Note about this episode This is a 100% English-language version of Episode 9, which was already released in Dutch. More English-language episodes are in the make and will be released later in 2020 as part of our plans for a new English-language edition of Kletsheads. In the meantime, find out more about Kletsheads, including what the name means, here. And if you prefer to listen in Dutch, don’t worry, the original Dutch edition will be back later in the year, too.
Are you or your partner pregnant, and do you speak a different language from each other? Then chances are there’s not just a baby on the way, but a bilingual baby! At least that’s what a lot of parents hope when they find themselves raising a child together with someone who has a different mother tongue. It’s not always clear though what exactly the best approach is in such a situation. Should you both continue to speak your own language, or are there other choices you could make that might lead to better outcomes? What do you do if you don’t understand each other’s languages and speak a third language amongst yourselves? What will your conversations with your future offspring look like? And if you do speak the same language as each other but this is a different language from the one spoken in the community around you — Dutch in the case of families here in the Netherlands — you may wonder how your child will learn that language properly. In short, then, how do you plan for a bilingual baby?
In this episode of Kletsheads we talk to Eowyn Crisfield about how you and your partner can make a plan for the languages in your family, something that’s often referred to as family language planning. We hear that it’s wise to think about this early on, that it’s necessary to involve all the important people in your child’s life, and that this plan may change over time. Eowyn gives us her six building blocks for success so that you can be sure that there is a bright bilingual future ahead for your child. This episode is mostly intended for parents, but if you’re a speech language therapist, teacher, or other professional working with young families, there’s plenty of useful information in here for you, too. There’s also plenty in here for parents who have already started their parenting journey and who are already raising bilingual children.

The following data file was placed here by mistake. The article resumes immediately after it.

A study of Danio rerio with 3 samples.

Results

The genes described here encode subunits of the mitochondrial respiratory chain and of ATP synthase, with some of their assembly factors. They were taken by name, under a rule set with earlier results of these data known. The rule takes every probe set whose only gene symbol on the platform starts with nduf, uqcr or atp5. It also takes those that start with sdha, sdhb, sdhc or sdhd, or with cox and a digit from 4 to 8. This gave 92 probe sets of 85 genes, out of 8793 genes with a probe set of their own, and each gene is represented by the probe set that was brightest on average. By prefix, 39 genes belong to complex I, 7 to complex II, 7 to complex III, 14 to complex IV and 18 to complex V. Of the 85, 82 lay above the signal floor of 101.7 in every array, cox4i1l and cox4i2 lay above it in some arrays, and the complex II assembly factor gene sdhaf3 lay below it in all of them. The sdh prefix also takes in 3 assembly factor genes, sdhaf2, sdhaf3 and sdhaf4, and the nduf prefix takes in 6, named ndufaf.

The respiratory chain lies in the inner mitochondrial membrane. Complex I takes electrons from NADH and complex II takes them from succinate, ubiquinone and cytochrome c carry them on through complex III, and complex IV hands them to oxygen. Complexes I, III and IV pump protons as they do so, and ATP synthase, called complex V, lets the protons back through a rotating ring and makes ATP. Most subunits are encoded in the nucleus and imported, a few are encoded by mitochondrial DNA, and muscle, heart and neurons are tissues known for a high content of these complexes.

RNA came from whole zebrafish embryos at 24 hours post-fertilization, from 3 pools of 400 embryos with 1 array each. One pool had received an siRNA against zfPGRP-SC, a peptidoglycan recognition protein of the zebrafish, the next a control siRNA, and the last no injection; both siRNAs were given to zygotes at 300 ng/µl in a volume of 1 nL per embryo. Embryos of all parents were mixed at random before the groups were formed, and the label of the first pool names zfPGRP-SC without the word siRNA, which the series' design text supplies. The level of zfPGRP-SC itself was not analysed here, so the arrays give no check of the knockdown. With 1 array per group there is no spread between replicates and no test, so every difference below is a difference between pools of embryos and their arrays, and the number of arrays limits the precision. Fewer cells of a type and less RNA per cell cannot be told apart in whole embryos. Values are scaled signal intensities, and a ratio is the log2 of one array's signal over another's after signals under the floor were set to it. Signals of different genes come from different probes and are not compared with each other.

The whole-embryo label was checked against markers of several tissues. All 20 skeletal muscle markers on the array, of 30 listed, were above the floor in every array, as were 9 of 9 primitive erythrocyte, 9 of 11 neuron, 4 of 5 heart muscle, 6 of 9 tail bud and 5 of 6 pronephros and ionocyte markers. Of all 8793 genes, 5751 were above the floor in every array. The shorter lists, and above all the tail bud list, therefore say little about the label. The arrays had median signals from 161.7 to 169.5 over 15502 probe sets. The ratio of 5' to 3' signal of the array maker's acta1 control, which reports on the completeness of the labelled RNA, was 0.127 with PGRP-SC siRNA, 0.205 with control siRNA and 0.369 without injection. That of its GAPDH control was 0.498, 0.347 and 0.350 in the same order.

Every episode we speak to a bilingual child about what it’s like to grow up with more than one language, in our feature Kletshead of the week. This episode we have two Kletsheads of the week, two brothers from Utrecht, the Netherlands, Quinn and Aiden. As part of our feature Let’s klets, we speak to a parent, teacher or speech language therapist about their experiences with bilingual children. In this episode we speak to Dessu from Ethiopia about his very multilingual family. Our conversation took place at the Kletskoppen child language festival held in Nijmegen on 29th February, 2020.
Eowyn Crisfield is an expert in multilingual education and parenting. She comes from Canada, where she earned her Bachelor in Teaching English as a second language and her Master of Applied Linguistics. She has over 20 years of experience in teaching, teacher training, and research in this field. She has a very accessible blog www.onraisingbilingualchildren.com where she writes about her professional and personal experiences with biilingualism. Here you can also read more about her services, including a webinar on bilingual education. Eowyn is the mother of three trilingual children (English, French & Dutch) and works as a lecturer at Oxford Brookes University in the UK.
During my conversation with Eowyn several topics came up that we discussed in previous (Dutch-language) episodes of Kletsheads, such as the mixing of two tasks (Aflevering 1: Is het praten van twee talen door elkaar reden tot zorg?), language problems (Aflevering 4: Hoe weet je of een meertalig kind een taalachterstand heeft?), and whether bilingualism brings many cognitive benefits (Aflevering 5: Zijn meertalige kinderen slimmer dan eentalige kinderen?). Eowyn also gave Colin Baker’s book A Parent’s and Teacher’s Guide to Bilingualism van Colin Baker as a reading tip. This is also one of my favorites!